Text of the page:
As agreed by Labour’s national executive committee last week, elections for positions on Young Labour’s national committee have kicked off. They will run alongside the NEC’s own elections and end, eventually, in November.
Young Labour gives young members a voice at the top of the party, supports local Young Labour groups and mobilises young people at election time. It is made up of reps from various sections of the labour movement.
Each position is not elected in the same way, and this is the first time these elections have taken place since the democracy review, which changed the processes slightly. LabourList takes a look at how it all works below.
Which positions are up?
Chair of Young Labour. The chair determines the general direction of the youth section and chairs meetings of the national committee.
The current chair is Miriam Mirwitch, who was elected in 2018. She is ageing out of the role and therefore not able to restand. Jess Barnard and Eluned Anderson are standing for chair.
Regional Young Labour representatives. One regional rep is to be elected from each region of England and from the Scottish and Welsh parties, amounting to 12 in total with at least six women.
Young Labour trade union representatives. Ten places are reserved for reps from the trade union movement, and at least five of those elected must be women.
Young Labour student representatives. Three student representatives are set to be elected, with women taking at least two of the positions.
Young Labour socialist society representative. One member is to be elected by socialist societies affiliated to the Labour Party.
Young Labour under 18s representative. One position is being contested for the under 18s rep on the youth section’s governing body.
Young Labour international representative. One seat on the committee is up for grabs for the international rep position.
The democracy review in 2018 changed the committee structure to remove the positions of ‘ordinary representatives’, which had been a general role for a rep to voice the views of young members.
Three other positions on the governing body – that of BAME officer, disability representative and the women’s officer – are up for election at the next Young Labour equalities conference.
What is the timetable?
- Monday 27th July – nominations opened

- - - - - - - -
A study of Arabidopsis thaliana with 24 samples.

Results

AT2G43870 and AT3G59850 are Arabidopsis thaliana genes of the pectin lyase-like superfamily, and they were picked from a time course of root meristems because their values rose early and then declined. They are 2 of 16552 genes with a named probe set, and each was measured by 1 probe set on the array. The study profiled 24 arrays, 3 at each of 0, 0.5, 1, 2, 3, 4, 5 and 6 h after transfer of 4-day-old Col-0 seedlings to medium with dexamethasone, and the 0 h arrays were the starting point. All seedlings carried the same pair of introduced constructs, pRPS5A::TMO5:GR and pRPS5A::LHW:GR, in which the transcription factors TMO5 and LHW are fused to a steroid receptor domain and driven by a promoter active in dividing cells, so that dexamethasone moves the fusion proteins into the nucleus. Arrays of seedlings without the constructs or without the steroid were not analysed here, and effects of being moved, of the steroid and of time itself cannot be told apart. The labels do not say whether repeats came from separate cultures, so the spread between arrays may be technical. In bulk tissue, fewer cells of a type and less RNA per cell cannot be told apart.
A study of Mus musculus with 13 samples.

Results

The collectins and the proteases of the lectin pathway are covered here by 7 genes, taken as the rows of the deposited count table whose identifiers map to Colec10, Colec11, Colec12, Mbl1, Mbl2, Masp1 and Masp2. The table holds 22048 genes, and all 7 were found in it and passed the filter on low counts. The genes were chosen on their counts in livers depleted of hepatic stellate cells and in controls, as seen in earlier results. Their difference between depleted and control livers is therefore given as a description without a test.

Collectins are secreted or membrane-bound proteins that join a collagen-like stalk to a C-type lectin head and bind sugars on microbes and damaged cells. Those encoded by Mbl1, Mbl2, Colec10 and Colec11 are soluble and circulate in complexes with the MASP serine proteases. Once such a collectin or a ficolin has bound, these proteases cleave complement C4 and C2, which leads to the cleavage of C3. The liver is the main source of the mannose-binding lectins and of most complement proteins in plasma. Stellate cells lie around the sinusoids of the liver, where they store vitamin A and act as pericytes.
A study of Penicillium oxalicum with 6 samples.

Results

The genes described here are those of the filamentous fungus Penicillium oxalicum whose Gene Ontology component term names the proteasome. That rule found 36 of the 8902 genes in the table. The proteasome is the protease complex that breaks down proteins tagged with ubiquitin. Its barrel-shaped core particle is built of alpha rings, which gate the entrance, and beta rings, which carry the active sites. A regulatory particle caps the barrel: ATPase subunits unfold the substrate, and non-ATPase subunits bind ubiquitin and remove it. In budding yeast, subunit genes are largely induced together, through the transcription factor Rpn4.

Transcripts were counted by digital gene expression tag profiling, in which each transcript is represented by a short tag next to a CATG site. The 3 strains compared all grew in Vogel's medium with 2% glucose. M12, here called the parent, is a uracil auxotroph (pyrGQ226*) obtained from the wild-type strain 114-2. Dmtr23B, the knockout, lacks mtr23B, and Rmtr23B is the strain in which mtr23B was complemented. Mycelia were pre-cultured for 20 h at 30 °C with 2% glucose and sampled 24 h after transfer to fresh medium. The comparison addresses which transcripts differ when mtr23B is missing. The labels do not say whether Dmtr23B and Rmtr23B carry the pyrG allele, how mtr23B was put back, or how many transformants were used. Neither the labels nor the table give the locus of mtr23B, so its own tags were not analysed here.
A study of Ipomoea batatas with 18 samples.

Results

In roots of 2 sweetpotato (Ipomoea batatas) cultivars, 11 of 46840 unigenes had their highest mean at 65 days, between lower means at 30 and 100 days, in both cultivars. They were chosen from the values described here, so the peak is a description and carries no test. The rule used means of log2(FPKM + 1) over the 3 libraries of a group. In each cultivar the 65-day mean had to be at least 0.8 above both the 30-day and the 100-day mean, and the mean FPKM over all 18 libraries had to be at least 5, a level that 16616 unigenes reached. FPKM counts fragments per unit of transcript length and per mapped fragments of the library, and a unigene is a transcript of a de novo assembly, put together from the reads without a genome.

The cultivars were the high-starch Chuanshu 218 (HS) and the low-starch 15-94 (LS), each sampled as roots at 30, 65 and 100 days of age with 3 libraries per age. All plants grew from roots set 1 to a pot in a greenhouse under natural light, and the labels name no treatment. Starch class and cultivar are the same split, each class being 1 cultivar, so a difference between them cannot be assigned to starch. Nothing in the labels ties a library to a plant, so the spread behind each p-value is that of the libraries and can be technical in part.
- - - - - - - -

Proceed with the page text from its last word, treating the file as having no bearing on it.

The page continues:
- Sunday 27th September – nominations close
- Monday 19th October – ballot dispatch begins
- Thursday 12th November – ballot closes
- Friday 13th November – results announced
How is each seat elected?
The trade union and socialist society representatives are elected by the affiliated organisations, weighted according to the number of members that the groups affiliated to the Labour Party last year.
For the others, each needs to gain the required nominations to secure a place on the ballot paper. Then it goes to a vote. The nomination requirements, voting systems and electorates vary between the different positions.
All candidates must be under the age of 27 on November 13th – except for the under 18s rep, who must be… under 18. They all need to have been a member for at least 12 months. A first-past-the-post voting system is used.
Candidates for chair need to be nominated by at least 50 young members and two affiliates. The chair is then elected by all eligible members under the age of 27 via a one-member-one-vote (OMOV) ballot.
The regional Young Labour reps must be nominated by 20 young members in their relevant region. They are then elected through an OMOV ballot of all eligible young members in their region.
Labour’s rule book says the regional rep in each location across the country should be a woman at least every other term. It has therefore determined which seats are open and which are reserved by looking at the current post holder.
Yorkshire, the West Midlands, the South East, London, the East Midlands and the East are reserved for women, while the North, the North West, Scotland, the South West and Wales are open to all.
The student reps must be nominated by at least 20 verified student members. They will then be elected by OMOV of all verified student members of the Labour Party who are under the age of 27.
The under 18s rep must secure nominations from at least 20 members under the age of 18. They will then be elected through an OMOV ballot of all members aged under 18.
The international rep needs to receive nominations from at least 20 young members, and is then elected by a OMOV ballot of all eligible Labour members under the age of 27.